The region is not immune from the triple shock threatening the world economy – rising US interest rates, higher oil prices, and trade wars. Indeed, it could be more exposed than other regions and tighter Chinese financial and environmental regulation could depress demand throughout Asia.

The dependence on exports to the West, especially the US, has declined markedly since the financial crisis. But rising US interest rates and the stronger dollar hurt growth in Asia’s emerging markets. Previously, faster export growth offset rising dollar-based funding costs, but now the value-added content of exports to the US is falling as a share of GDP.

When the US raised rates in the mid-2000s, Asian leverage was lower but export exposure higher, allowing the region to benefit from faster US growth with less drag from climbing funding costs. Now the reverse applies. And while Asia’s export growth to the US has held up, sales to Europe have weakened sharply. Further, demand has slackened for Asia’s electronics, especially smartphones.

Export momentum was slowing even before the US restrictions on imports from China. All else equal, the drag on China's GDP growth from a 25 per cent tariff on USD50 billion of US exports is estimated at 0.1 to 0.2 percentage points but the uncertainty could also affect investment or consumption spending in China and in economies that ship components there for assembly and onward export to the US.

Virtually all the region’s economies are highly trade dependent and will suffer if trade wars reduce global GDP and export growth. However, Malaysia, Thailand and Vietnam might see more foreign multinationals relocating production capacity there from China. Rising dollar funding costs pose an acute challenge for the region: after years of credit-fuelled growth, the sensitivity to US rates has grown while the exposure to US demand has declined.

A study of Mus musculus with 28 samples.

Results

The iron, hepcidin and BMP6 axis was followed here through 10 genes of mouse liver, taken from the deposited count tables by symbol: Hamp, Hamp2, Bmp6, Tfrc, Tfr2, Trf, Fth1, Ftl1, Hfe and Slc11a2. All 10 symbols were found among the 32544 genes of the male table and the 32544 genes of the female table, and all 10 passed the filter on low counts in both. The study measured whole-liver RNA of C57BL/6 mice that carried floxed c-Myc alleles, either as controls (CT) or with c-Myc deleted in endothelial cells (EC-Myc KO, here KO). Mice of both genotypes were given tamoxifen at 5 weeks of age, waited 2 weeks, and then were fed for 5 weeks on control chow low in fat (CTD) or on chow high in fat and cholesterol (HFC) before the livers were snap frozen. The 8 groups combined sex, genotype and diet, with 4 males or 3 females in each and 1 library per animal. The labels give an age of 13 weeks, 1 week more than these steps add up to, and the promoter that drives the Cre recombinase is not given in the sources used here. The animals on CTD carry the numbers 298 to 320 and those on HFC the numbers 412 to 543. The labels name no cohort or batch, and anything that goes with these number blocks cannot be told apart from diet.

Debt has increased substantially since 2008 in many Asian countries – notably China, Malaysia, Thailand, Korea Vietnam, Singapore and Hong Kong – although Indonesia, the Philippines and Sri Lanka, enjoy relatively low macroeconomic leverage and India’s is falling.

Even so, India, the Philippines and Indonesia have raised interest rates, partly in response to higher US rates, and Asian credit growth is now cooling. So far, that points to only a mild regional slowdown but further dollar strength could curtail bank lending more sharply.

A stronger dollar also accentuates the impact of rising oil prices. Apart from Malaysia, Asia’s emerging economies are major energy importers.

But don’t lose sight of Asia's strengths. There are few signs of a hard landing or outright financial stress and several factors to offset a slowdown. China’s GDP should still grow 6.6 per cent in 2018, rising to 6.8 per cent next year.

Most economies’ current-account balances have improved, while inflation and wage pressures remain subdued. So – with a few exceptions – central banks appear to be in no hurry to tighten, happy to diverge from the US.